Jefferson’s Certification of William Short as an Attorney
Sep. 30. 1781.
At the desire of the Executive I have examined Mr. William Short and report it as my opinion that he is duly qualified to practise the law as an Attorney. Given under my hand on the day above-mentioned.
MS (Vi); entirely in TJ’s hand; endorsed in part: “Feby 18. [1782?].”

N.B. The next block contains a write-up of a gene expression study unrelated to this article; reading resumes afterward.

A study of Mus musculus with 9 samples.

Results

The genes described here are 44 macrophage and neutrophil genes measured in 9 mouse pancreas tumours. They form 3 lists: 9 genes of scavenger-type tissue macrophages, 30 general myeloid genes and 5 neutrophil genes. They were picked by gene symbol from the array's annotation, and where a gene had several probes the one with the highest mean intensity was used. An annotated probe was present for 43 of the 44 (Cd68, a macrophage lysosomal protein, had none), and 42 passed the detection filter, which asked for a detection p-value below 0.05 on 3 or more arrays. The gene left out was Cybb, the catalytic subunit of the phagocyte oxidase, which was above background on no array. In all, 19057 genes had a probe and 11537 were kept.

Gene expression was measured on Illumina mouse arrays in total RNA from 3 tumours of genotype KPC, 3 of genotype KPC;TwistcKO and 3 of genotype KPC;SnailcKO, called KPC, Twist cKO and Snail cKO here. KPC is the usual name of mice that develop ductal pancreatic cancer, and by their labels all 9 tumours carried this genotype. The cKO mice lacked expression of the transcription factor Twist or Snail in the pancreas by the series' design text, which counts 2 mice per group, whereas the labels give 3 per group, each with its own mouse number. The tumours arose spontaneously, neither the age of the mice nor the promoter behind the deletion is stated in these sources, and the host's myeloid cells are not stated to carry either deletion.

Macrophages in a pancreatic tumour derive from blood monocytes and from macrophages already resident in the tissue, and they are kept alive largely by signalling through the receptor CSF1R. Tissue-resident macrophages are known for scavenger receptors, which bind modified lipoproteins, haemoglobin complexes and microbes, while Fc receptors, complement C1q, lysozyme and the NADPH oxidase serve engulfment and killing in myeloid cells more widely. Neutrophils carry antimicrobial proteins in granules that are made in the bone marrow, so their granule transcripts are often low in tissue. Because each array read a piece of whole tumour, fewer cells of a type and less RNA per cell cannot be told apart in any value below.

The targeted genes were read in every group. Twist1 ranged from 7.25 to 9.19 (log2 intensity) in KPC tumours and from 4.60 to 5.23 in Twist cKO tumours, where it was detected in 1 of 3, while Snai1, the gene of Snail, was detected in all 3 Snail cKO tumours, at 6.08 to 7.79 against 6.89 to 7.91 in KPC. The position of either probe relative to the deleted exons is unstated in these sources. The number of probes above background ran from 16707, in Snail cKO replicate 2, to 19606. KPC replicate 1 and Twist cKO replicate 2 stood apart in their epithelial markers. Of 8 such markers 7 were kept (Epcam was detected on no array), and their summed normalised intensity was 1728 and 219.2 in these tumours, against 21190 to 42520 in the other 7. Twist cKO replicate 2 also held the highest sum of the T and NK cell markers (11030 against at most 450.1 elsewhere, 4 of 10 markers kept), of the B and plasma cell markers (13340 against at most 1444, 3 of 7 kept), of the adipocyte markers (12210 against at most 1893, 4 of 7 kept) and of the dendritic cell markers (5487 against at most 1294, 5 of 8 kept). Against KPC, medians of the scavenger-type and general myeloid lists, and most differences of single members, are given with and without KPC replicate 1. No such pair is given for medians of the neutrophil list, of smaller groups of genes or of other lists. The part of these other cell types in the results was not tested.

Below TJ’s statement is the following in the hand of George Wythe: “Nov. 2. 1781. From an intimate acquaintance, of some standing, with Mr. W. Short, and from several exercises I have heard him perform, I am fully persuaded, and accordingly report it as my opinion, that he is duly qualified to practice the law, as an attorney. Given under my hand. G. Wythe.” This MS is filed in Vi with Short’s undated petition to the Governor and Council, stating that, “having been for a considerable time engaged in the Study of the Law, and being now desirous of entering into the practice thereof, he begs to be referred to some proper Gentlemen to be examined therein, in order … to his obtaining a legal Licence.” On the verso of this MS is David Jameson’s statement referring the petitioner to “Thomas Jefferson, George Wythe, John Blair, Jerman Baker and Henry Tazewell esquires, or any two of them … to examine into his abilities to practice … and to make report thereof to the Executive” (dated 19 Sep. 1781; the names of Wythe and Blair are interlined in the hand of Tazewell). Short, “having been examined and reported as fit to practice as an attorney in the County and other inferior courts,” was granted a license on 18 Feb. 1782 (MS Va. Council Jour., Vi).